Glass Stronger and Tougher than Steel

Glass Stronger and Tougher than Steel

A new damage-tolerant metallic glass, demonstrating a strength and toughness beyond that of any known material developed and tested by a collaboration of researchers with the U.S. Department of Energy (DOE)'s Lawrence Berkeley National Laboratory (Berkeley Lab) and the California Institute of Technology. In the world of materials, strength (the amount of force a substance can withstand) and toughness (its capacity to resist fracturing) are not merely different attributes; they're very difficult to achieve together. Now researchers from Caltech and the Department of Energy’s Lawrence Berkeley National Laboratory have created a form of glass that has both qualities. It's stronger and tougher than steel or, indeed, any other known material. The material features palladium, a metal whose possible use in glasses was recognized 45 years ago.

The new metallic glass is a micro alloy featuring palladium, a metal with a high "bulk-to-shear" stiffness ratio that counteracts the intrinsic brittleness of glassy materials. Because of the high bulk-to-shear modulus ratio of palladium-containing material, the energy needed to form shear bands is much lower than the energy required to turn these shear bands into cracks. The result is that glass undergoes extensive plasticity in response to stress, allowing it to bend rather than crack.

Glassy materials have a non-crystalline, amorphous structure that makes them inherently strong but invariably brittle. Whereas the crystalline structure of metals can provide micro structural obstacles (inclusions, grain boundaries, etc.,) that inhibit cracks from propagating, there's nothing in the amorphous structure of a glass to stop crack propagation. The problem is especially acute in metallic glasses, where single shear bands can form and extend throughout the material leading to catastrophic failures at vanishingly small strains.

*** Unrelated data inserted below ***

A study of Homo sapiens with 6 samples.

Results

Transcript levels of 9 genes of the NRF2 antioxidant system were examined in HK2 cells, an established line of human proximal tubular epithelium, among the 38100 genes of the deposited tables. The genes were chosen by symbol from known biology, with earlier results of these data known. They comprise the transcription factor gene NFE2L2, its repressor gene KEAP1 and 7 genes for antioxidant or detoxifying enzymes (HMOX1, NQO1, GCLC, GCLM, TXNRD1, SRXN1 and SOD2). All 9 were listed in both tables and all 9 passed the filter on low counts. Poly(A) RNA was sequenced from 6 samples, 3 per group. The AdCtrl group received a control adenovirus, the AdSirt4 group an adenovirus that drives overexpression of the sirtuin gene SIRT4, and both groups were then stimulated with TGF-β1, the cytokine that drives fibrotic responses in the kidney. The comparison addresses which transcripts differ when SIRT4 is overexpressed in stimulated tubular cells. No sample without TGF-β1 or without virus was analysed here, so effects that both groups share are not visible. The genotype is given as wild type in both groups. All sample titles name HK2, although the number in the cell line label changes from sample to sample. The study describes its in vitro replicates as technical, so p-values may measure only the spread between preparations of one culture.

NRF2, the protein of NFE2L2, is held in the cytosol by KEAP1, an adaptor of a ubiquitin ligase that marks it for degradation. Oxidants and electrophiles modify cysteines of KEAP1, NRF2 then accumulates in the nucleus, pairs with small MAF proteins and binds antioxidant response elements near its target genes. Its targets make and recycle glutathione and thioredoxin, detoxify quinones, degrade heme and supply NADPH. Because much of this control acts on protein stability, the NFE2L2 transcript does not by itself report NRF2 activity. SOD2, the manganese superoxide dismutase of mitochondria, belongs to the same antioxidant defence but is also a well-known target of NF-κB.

In earlier work, the Berkeley-Cal Tech collaboration fabricated a metallic glass, dubbed "DH3," in which the propagation of cracks was blocked by the introduction of a second, crystalline phase of the metal. This crystalline phase, which took the form of dendritic patterns permeating the amorphous structure of the glass, erected micro structural barriers to prevent an opened crack from spreading. In this new work, the collaboration has produced a pure glass material whose unique chemical composition acts to promote extensive plasticity through the formation of multiple shear bands before the bands turn into cracks.

The addition of the palladium provides this amorphous material with an unusual capacity for extensive plastic shielding ahead of an opening crack. This promotes fracture toughness comparable to those of the toughest materials known. The rare combination of toughness and strength, or damage tolerance, extends beyond the benchmark ranges established by the toughest and strongest materials known.

Since the alloy is titanium and zirconium instead of steel, it weighs significantly less than steel. It also melts at much lower temperatures than steel, making it easier and faster to produce.

This is a major accomplishment," said William Nix of Stanford University. One big advantage of the new glass is that it can be cast right to shape. Just pour it into a mold, let it freeze, and you have properties that are comparable to high-strength steel right from the get-go.

A glass this strong has endless potential in the way of structural application -- think cars, planes, and bridges. Thing is, though, palladium is super expensive, and researchers involved in the project say the best applications are in products like dental implants, which are currently made of soft, stiff noble metals, more likely to cause complications like bone atrophy. Chances are we won't see super strong glass bridges anytime soon, but the new glass dental implants could be in your mouth as early as 2016.